Low-quality Danish grain gets dropped worldwide
With the quality of Danish grain at an all-time low, foreign consumers are now actively avoiding Danish goods when ordering EU wheat.
Published: 1 June 2015 09:13 CEST
Photo: Peter Leth/Flickr
Orders for European wheat from other parts of the world are now beginning to come with “Danish excluded” requests as news of Denmark’s low-protein wheat spreads through the global market, Finans reported on Sunday.
See also: Danish wheat quality at all-time low
“Previously customers have just ordered a quantity of EU feed wheat, for example a ship with 30,000 tonnes. But now we are beginning to hear that customers in Asia for example are ordering a certain quantity of EU grains but along with the order comes the addition ‘Danish excluded’ – in other words, the customers are explicitly insisting on not receiving Danish grains,” Jesper Pagh, the group vice president of DLG, told Finans.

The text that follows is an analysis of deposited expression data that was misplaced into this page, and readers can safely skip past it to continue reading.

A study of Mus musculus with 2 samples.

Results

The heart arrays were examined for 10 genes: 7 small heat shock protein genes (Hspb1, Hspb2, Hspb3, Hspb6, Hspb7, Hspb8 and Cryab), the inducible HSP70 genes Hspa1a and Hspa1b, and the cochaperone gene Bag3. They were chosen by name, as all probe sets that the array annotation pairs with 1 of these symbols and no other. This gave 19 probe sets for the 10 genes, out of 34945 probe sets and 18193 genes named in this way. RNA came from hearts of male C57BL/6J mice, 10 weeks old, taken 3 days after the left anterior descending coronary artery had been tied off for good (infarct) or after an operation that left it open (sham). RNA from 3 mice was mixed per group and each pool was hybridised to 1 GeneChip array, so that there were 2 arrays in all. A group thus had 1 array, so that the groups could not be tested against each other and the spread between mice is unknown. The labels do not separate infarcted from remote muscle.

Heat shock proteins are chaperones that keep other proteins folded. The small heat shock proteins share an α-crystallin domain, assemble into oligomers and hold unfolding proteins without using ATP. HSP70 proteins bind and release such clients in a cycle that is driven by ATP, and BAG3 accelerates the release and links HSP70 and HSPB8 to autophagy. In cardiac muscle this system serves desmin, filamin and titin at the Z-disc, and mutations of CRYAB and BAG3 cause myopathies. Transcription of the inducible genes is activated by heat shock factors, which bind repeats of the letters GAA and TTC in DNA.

The DLG Group is one of Europe’s biggest agricultural companies and a major exporter of European seed, feed and grain.
“In other instances, the customers will accept that the grain is from Denmark but only if they can get an extra discount in price,” Pagh added.
Studies carried out by the Danish Pig Research Centre (Videncentret for Svineproduktion) in September showed that Danish grain protein content, wheat’s most important quality indicator, has dropped to 8.4 percent, the lowest level ever.
According to the Danish Agriculture and Food Council (Landbrug & Fødevarer), the quality of Danish wheat has been on a steady decline since the introduction of fertiliser limits in the 1990s.
“The Danish rules mean that we can’t give the grain the amount of fertiliser that the plants actually need. That results in a gradual depletion of the ground’s nitrogen reserves, thus impoverishing the soil. As a consequence, the quality gets lower and lower,” council spokesman Torben Hansen told Jyllands-Posten.
Agribusiness company Danish Agro also reported that its customers are avoiding Danish grain. It said that in 2014, German wheat contained 27 percent more protein than that produced in Denmark.